A worn spark plug can cause your Check Engine Light to turn on or keep flashing.
However, a faulty spark plug isn’t the only reason why your Check Engine light illuminates. It can also light up due to spark plug wire or coil pack issues.
Since faulty spark plugs are a common cause of Check Engine light activation, it doesn’t hurt to start by diagnosing your spark plug. You may encounter signs of mechanical damage or fuel fouling (spark plugs getting flooded with fuel).
Bad spark plugs increase your vehicle’s fuel consumption because they can’t efficiently burn the airfuel mixture going into your engine.
In fact, spark plug failure can reduce your car’s fuel efficiency (a.k.a. fuel economy or gas mileage) by around 30%.
As a result, you’ll have to make more frequent trips to the gas station and shell more money on gasoline.
Under normal conditions, your engine will sound steady and smooth.
But if your vehicle has a faulty spark plug, you’ll hear pining, rattling, or knock-like noises coming from the engine. These are signs that your vehicle’s ECU (Electronic Control Unit) is struggling to compensate for the loss of power due to bad spark plugs.
Your spark plugs provide the spark needed to ignite the air/fuel mixture in the combustion chamber.
Old and worn spark plugs will struggle to create this spark and power up your engine. And the engine likely stalls when you try to turn on the ignition system.
However, if your car won’t start, the problem could be also lie with your car battery.
Another common symptom indicative of worn spark plugs is engine hesitation.
You step on the accelerator pedal, but your vehicle isn’t as responsive as it used to be and accelerates sluggishly. In other words, it’ll feel like your vehicle has lost its ability to get up and go.
Unburnt gasoline will reach the vehicle’s exhaust system when your spark plugs don’t ignite the air/fuel mixture properly in the combustion chamber. Consequently, your vehicle’s tailpipe emissions will start to smell like gasoline.
Your exhaust may also smell like gas if you’ve got a clogged air filter, a leaky fuel injector, or a defective mass airflow sensor.
But troubleshooting your spark plugs is a good starting point.
On average, spark plug replacement can cost anywhere between $100 and $500.
We can break down the total cost into:
The cost of replacing your spark plugs will also vary depending on the make and model of your vehicle, your location, and the brand of spark plugs you use.
If a spark plug or two is faulty, your engine will have to run on fewer cylinders and can’t generate enough power. This condition, where one or more of your engine’s cylinders don’t produce power, is known as an engine misfire.
An engine misfire can damage your catalytic converter, sap engine performance, reduce fuel efficiency, and cause irreversible engine damage.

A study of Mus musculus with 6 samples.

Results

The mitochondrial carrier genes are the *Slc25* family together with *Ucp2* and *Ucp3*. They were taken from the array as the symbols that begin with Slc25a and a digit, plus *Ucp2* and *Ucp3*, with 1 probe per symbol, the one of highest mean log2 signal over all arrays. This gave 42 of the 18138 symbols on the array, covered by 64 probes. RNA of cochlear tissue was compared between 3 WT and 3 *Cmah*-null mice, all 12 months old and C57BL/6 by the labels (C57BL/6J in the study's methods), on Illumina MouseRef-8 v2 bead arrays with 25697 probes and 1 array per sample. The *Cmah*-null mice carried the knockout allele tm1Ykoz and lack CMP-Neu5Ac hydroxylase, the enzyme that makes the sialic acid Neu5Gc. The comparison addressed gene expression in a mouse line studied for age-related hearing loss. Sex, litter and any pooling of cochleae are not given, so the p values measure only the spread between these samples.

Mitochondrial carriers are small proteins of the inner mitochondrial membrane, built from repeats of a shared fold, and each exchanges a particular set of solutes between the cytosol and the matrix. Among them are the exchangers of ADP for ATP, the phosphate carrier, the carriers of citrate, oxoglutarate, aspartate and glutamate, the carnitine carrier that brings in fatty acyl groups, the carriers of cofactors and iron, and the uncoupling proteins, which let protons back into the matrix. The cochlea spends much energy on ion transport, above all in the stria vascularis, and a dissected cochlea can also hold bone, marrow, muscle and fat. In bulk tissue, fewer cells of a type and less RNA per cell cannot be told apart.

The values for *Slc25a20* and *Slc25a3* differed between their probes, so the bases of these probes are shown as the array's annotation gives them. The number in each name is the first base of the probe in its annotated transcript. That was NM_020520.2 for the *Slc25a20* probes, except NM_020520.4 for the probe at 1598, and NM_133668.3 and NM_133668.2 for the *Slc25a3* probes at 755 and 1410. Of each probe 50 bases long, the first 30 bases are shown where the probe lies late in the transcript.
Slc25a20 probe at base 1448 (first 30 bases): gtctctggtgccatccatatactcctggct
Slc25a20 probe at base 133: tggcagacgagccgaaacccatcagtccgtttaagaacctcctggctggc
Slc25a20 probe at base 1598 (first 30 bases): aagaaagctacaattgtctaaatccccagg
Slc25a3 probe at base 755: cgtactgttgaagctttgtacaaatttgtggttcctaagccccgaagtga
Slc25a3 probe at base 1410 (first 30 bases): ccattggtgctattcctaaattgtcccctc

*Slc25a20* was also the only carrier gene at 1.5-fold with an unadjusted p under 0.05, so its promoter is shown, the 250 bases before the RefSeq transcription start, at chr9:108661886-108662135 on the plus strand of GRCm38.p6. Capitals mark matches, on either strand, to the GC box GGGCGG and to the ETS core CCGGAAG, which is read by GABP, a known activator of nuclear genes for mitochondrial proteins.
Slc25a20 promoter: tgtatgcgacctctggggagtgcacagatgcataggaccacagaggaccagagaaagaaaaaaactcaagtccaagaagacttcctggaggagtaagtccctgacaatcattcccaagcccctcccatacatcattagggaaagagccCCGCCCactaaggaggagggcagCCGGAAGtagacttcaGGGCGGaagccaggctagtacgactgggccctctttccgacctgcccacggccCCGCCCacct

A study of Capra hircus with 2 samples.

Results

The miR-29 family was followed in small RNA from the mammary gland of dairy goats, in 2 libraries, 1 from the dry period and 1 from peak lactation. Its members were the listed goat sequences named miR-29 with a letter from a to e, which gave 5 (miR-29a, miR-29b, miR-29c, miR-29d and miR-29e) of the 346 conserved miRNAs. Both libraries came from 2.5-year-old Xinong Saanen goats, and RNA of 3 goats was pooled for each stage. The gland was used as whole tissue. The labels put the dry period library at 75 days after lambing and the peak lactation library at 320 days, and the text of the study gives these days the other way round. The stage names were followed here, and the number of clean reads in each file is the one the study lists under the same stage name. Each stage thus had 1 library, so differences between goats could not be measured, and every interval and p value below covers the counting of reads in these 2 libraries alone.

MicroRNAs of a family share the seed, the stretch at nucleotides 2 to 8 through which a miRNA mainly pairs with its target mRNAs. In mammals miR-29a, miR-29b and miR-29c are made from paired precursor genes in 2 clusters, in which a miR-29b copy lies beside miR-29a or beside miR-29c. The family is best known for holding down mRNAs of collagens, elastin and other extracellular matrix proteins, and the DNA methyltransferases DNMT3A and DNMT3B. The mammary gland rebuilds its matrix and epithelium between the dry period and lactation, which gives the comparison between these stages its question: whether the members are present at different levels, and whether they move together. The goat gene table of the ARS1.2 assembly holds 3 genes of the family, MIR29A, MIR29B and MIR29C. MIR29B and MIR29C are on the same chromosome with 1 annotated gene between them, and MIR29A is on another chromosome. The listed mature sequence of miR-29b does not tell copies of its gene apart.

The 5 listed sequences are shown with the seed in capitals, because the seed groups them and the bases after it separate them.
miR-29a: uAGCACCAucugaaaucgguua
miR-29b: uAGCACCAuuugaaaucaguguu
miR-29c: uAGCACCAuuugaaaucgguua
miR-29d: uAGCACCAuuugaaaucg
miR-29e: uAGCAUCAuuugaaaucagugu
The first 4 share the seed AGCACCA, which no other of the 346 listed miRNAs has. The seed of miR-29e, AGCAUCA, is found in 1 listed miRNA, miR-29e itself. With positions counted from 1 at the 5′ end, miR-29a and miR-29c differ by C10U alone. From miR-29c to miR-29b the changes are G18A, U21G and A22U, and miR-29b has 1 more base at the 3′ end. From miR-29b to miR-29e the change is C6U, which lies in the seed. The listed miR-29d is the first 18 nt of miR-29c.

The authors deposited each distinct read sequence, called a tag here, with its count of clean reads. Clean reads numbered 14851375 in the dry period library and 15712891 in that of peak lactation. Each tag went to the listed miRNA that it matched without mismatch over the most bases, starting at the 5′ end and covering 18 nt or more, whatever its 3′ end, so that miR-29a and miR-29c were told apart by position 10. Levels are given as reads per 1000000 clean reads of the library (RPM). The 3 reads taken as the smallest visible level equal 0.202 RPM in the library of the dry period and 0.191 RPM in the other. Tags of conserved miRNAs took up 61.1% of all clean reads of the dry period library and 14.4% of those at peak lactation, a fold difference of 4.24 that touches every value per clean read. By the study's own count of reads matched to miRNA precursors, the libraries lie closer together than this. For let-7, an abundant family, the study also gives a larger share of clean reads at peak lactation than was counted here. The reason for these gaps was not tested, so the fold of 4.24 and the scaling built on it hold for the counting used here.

That’s not all.
A bad spark plug also fails to generate enough spark to fire up your engine. And as you repeatedly crank the engine hoping for a start, you may drain the battery dead.
In short, replace your faulty spark plugs ASAP to prevent engine misfires and start-up troubles.
Let’s explore some more about spark plug replacement through these four commonly asked questions:
Every time a spark jumps the gap between the center and ground electrodes, it burns off small amounts of metal from each electrode. And this gap continuously increases as your vehicles spark plugs constantly fire during engine operation.
With time, the spark plug gap grows so much that the spark can longer make the jump.
In other words, your spark plug fails.
You’ll then experience dips in fuel economy, slow acceleration, and rough idling.
Your spark plug’s lifespan can range between 20,000 miles and 100,000 miles (for a long life spark plug).
It varies depending on the:
Consult your car owner’s manual for more clarity on when to change spark plugs.
However, if you’re looking for a general rule, most manufacturers recommend changing spark plugs every 30,000 miles.
Spark plug replacement can be pretty challenging on some vehicles.
You may need to remove the engine’s upper plenum or intake manifold before reaching the spark plugs. Moreover, you can have difficulty accessing and removing components like the ignition coil or spark plug wire.
Not just that.
If you do a bad job with the spark plug replacement, you can lead to expensive engine repairs.
That’s why it’s best to let a professional mechanic at an auto repair and maintenance shop change your vehicles spark plugs.
That said, here’s what usually happens during spark plug replacement:
Your mechanic will first gather the tools/parts required — new spark plugs, spark plug socket, ratchet, torque wrench, spark plug gapping tool, anti-seize lube, dielectric grease, etc.
After that, they’ll:
Ideally, you should.
Changing spark plugs lets you prevent situations like engine misfire, bad gas mileage, etc.
If you’re replacing only those spark plugs that have gone bad, each spark plug in your engine will have a different replacement cycle. Consequently, you’ll need to spend more effort and time with repairs whenever you encounter a spark plug failure.
Moreover, your engine works best when all the spark plugs have similar performance levels.
For instance, if two spark plugs in your six-cylinder engine have one level of performance and the rest have a different level, it can cause the engine to go out of sync.
In short, replace all your spark plugs at once to ensure a consistent level of performance.